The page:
Davao Mayor Rodrigo Duterte, who has admitted links to death squads in Mindanao, shakes up the 2016 presidential race.
The front-runner for the presidential race in the Philippines has admitted on national radio that he killed at least three men suspected of kidnapping and rape in his city, drawing condemnation from international rights groups who warned against an escalating “culture of impunity” in the country.
Amnesty International urged Philippine prosecutors on Friday to look into Rodrigo Duterte, mayor of the southern city of Davao, who said in an interview that shooting “criminals” is justifiable.
“It’s a graphic example [of the culture of impunity in the Philippines] that even though people know what he has been doing, no single charge has been filed against him,” Ritz Lee Santos III, head of Amnesty in the Philippines, said in an interview with Al Jazeera.
“Human rights is not a joke,” Santos added.
In an interview with a national radio programme on Wednesday, Duterte recounted that three months into his first term as mayor in 1988, three rape and kidnapping suspects had demanded a ransom from the family of the victim.
Duterte, 70, said that when the armed suspects showed up to collect the money, he did not hesitate in shooting them dead.
“I was part of it. Actually, I was the most active and I even emptied two magazines of my .45 [handgun] ,” he said in a mix of Filipino and English.
According to the latest nationwide polls ahead of the May 2016 election, Duterte has a solid lead against his rivals, including the incumbent vice president, Jejomar Binay, and Manuel Roxas III, a former senator endorsed by President Benigno Aquino.
Supporters previously told Al Jazeera that they like Duterte’s “straight-talk” and his record of achievement in Davao, the largest city in the Philippines by geographic size, which ranks as one of the most progressive areas in the country.
Duterte has been mayor for seven terms, presiding in total for more than 22 years. He has also served as vice mayor and congressman in the city.
But he has also gained some critics recently and was forced to apologise when he was caught cursing Pope Francis, a very popular figure in the Catholic-majority country.
Azadeh N Shahshahani, a United States lawyer who has investigated human rights cases in the Philippines, however, said Duterte’s human rights record raises some alarms.
“It is outrageous that a man running for president can openly boast about illegal extrajudicial killings that he committed instead of being held accountable,” she told Al Jazeera.
“As our tribunal found, impunity for egregious human rights violations is a serious and ongoing problem in the Philippines, as exhibited in this case.”
‘Callous and dangerous’
In the past, media critics have also been targets of Duterte’s ire.
In 2011, he flashed his middle finger on national television, as he scolded “columnists” who criticised his politician-daughter, who was involved in beating a court sheriff.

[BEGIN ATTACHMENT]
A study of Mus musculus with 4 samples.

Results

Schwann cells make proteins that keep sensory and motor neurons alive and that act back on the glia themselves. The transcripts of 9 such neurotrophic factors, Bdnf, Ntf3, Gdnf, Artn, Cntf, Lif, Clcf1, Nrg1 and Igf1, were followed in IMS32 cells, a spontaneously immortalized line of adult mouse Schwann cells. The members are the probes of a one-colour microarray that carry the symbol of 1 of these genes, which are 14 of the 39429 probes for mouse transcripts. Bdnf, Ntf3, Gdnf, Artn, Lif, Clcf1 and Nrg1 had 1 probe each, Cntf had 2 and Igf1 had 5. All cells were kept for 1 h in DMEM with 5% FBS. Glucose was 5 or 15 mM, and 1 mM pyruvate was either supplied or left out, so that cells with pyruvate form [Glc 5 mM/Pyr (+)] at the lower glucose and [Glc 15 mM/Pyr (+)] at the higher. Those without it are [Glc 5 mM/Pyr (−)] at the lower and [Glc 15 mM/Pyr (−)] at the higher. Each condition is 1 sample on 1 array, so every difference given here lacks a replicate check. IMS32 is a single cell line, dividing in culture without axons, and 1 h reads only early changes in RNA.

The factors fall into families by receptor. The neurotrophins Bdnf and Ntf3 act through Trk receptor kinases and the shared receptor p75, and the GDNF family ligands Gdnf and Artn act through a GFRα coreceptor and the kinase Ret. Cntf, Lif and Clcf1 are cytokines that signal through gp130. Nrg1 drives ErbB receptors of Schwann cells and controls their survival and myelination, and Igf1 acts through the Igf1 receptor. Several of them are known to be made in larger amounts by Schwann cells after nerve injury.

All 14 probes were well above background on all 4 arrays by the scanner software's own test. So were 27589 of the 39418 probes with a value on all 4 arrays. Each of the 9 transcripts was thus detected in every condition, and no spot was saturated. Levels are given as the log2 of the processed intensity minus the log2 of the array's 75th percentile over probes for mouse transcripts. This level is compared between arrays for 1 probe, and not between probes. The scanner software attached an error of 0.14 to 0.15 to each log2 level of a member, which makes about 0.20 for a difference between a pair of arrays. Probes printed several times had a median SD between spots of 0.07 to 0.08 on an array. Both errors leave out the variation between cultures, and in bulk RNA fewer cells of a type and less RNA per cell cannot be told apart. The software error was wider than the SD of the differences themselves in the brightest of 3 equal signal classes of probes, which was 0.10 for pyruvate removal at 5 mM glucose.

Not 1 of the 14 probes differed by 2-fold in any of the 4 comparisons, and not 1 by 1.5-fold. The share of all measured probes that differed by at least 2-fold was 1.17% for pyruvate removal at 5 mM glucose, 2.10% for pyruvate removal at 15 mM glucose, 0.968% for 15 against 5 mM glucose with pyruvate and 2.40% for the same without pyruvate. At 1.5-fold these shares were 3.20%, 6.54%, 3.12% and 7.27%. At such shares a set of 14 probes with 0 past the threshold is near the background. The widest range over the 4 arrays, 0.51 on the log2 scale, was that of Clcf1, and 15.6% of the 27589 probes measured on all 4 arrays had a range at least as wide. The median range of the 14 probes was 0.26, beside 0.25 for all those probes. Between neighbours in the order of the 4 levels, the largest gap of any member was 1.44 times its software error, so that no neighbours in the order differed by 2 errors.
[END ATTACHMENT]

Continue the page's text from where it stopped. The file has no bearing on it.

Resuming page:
Shawn Crispin, Southeast Asia representative of the Committee to Protect Journalists (CPJ), said that for a country with one of the highest unresolved media murder rates in the world, Duterte’s latest declaration is “a callous and dangerous message Filipinos should reject not embrace”.
“The Philippines needs its next national leader to end, not promote, impunity in extrajudiciary killings,” he told Al Jazeera.
“Presidential candidate Rodrigo Duterte’s recent public comments about personally killing suspected criminals insinuates he would govern with unchecked force, rather than rule by law.”
According to the CPJ, there have been 77 journalists killed in the Philippines since 1992, with the Philippines ranking fourth in the worldwide murder index, behind Somalia, Iraq, and Syria.
From New York, Robert Dietz, Asia coordinator of CPJ, also weighed in on Duterte’s candidacy, comparing him to presidential candidates in the US who are “trying to outdo one another with ever more tough-guy, hardline posturing”.
Dietz said that it would be “tragic” if Duterte’s “gun-slinging tactics” are elevated to the national level, in a country where the world’s bloodiest one-time massacre of journalists occurred in 2009.
“The Philippines should not return to the past, when Ferdinand Marcos, another populist candidate, came into power as a reformist, only to become a dictator,” said Dietz, a long-time journalist who had covered Southeast Asia, including the Philippines, for CNN and Asiaweek magazine.
On Wednesday, Duterte had also said that he supports giving a hero’s burial for Marcos, who had been accused of ordering thousands of tortures and murders during his rule, which ended in 1986.
In Manila, Santos of Amnesty International urged Filipino voters to consider the human rights platform of national and local candidates in choosing their next leader.
“If the government is not doing something to address human rights concerns, then we have to claim [our rights for ourselves],” he said.
“It is equally as important as the campaign against corruption and the drive for more economic growth. [Our rights] cannot be taken away from us.”